I started preparing the lemons for steeping for the cordial while I got last week’s blog ready for publishing. My computer crashed between entering the text and taking the photographs; drive D I hate you. Attila attacked the recalcitrant tech while I persevered with squeezing the living daylights out of twenty four blameless yellow fruits. It’s a good job that all of that hand weeding and secateur work had given me a strangler’s grip. My irritation at the perfidious box of silicon chips enabled me to crush my ingredients without mercy. The house was sticky all over from my gummy paw prints larded with vast quantities of sugar but smelled delightfully of citrus.
Vegetable patch facing north
Vegetable patch facing north

I used to curate the National Collection of ground elder. After years of warfare I had nothing but a sprinkling of leaves, which always sprang up overnight after a prolonged thrashing session. For the open day we had worked like maniacs to present the place fairly, as the plot of a plant addict who rooted out the most intrusive wildings but left a few, rather than risk injury. I had been ashamed of a tray full of Dierama pulcherrimum (angel’s fishing rod) seedlings, grown from harvestings from the strapping specimen in the front border. Hastily I pricked them out into 264 individual cells and while doing so, thought that plant sales could be a good money spinner for worthy causes yet to come. It was much too early to mention that to my nearest and dearest. After a day of gardengardengarden, my husband’s expression was beginning to get hysterical.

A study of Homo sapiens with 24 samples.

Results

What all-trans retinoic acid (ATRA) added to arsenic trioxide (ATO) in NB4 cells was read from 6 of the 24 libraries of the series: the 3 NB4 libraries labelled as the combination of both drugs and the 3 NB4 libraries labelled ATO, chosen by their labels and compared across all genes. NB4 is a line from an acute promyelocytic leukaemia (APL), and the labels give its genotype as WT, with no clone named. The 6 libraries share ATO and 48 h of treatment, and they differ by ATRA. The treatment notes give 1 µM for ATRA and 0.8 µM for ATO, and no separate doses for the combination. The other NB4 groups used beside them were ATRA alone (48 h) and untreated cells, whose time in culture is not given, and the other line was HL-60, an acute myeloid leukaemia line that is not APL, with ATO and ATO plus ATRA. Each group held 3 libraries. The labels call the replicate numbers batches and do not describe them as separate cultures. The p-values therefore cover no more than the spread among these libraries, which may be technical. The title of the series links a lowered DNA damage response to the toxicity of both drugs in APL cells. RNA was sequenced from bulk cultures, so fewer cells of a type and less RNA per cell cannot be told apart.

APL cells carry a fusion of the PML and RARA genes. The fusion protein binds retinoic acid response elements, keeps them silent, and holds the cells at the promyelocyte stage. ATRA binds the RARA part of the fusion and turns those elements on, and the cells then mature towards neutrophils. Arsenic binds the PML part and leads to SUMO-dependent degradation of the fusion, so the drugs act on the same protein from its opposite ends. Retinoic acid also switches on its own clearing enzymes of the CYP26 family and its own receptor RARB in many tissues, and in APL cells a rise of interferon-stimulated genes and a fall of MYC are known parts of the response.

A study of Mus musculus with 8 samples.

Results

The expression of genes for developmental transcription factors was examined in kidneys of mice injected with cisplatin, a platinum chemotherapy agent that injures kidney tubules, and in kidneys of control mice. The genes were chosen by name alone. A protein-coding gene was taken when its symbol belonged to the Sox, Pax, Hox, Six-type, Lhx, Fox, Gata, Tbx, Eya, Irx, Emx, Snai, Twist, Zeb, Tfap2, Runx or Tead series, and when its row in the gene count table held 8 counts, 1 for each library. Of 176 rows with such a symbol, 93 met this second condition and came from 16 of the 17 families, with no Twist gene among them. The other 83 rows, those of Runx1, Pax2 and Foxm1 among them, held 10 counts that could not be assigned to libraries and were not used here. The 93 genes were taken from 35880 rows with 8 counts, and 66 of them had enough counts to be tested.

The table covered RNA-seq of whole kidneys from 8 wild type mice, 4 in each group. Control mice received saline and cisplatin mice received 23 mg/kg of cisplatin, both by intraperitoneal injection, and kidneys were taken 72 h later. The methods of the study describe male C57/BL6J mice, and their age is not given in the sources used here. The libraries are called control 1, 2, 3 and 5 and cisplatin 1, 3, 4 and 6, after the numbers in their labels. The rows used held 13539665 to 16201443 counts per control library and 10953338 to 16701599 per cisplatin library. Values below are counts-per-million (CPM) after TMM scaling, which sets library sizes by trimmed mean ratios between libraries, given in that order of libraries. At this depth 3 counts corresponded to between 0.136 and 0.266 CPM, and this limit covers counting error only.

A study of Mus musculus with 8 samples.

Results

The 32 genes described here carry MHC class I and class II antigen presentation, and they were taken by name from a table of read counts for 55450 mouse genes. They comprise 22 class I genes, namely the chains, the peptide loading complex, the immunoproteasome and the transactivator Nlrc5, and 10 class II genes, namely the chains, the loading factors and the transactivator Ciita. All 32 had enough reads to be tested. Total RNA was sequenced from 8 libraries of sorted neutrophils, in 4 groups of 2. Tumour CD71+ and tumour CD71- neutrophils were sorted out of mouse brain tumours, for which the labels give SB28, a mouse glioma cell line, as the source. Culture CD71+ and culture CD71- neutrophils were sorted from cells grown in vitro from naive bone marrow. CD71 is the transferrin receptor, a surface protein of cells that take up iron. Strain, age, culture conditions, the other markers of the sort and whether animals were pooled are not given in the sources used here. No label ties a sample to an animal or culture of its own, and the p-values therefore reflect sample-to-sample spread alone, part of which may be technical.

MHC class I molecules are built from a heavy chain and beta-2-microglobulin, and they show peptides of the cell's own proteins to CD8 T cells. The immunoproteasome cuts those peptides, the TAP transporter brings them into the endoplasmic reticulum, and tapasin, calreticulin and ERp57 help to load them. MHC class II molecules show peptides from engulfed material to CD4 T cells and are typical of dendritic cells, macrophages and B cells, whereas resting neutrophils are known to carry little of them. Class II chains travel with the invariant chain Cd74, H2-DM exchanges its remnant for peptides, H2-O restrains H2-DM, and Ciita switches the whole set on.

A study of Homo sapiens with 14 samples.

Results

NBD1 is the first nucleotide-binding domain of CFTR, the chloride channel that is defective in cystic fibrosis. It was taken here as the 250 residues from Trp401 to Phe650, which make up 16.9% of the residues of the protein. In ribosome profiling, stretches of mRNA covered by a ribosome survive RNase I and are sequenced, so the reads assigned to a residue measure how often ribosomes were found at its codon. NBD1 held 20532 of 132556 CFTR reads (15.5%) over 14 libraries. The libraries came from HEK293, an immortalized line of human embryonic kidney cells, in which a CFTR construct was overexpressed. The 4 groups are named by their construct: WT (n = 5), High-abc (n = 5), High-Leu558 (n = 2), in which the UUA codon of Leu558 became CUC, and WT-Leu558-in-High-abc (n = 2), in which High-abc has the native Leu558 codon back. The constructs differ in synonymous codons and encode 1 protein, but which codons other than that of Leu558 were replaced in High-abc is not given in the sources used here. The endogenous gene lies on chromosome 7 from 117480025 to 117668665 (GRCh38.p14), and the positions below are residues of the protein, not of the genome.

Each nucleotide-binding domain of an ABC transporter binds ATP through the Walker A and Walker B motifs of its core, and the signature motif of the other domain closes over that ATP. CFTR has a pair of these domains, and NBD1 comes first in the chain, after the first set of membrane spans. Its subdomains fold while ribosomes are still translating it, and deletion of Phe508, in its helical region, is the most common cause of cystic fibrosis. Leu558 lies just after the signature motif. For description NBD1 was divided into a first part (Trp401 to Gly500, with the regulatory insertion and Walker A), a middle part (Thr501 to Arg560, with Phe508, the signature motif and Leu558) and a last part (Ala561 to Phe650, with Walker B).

Hot box - Courgettes, Nasturtiums & Cardoons
Hot box – Courgettes, Nasturtiums & Cardoons

Prattling about plants and reciting Latin names seemed to please our visitors, who wandered about in orderly crowds and supped their iced drinks, bathed in glorious golden sunshine. In the conservatory, We had barricaded the stairs leading to the raised stage, since there was no banister or rail to protect the unwary from the drop. I didn’t want to find a victim’s feet sticking out of the fountain, having fallen head first from above. I had filled the reservoir and left it tinkling for the day. Any longer than that in the heat and the water would turn to the colour and consistency of pea soup. I wedged open both doors to provide a through route, to prevent an eddy of people around the Calla lilies. Spouse had arranged a recording of native birdsong on his MP3 player, which twittered discretely amongst the Brugmansias (angel’s trumpet). Several who could reach gave the Acacia dealbata (mimosa) a shoogle, mistaking it for Mimosa pudica (sensitive plant), which folds up if given a quick feel. Upturned faces all appeared to be charmed. Quite a few expressed lust and envy.
Acnistus australis (blue angel's trumpet)
Acnistus australis (blue angel’s trumpet)

We didn’t sell all of the cordial, so I put the concentrate through the ice cream machine to make sorbet. Perhaps this would be a good idea for summer opening in the future. Don’t think that way. The whole family mucked in with gate admission and kitchen duties. I rewarded them with a takeaway Chinese dinner and as much beer as they could drink. It seemed unfair to pounce when their resistance was low due to exhaustion and alcohol, so I shall wait until they are tipsy at Xmas. We made £270 for charity. It was fun. Can we do it again?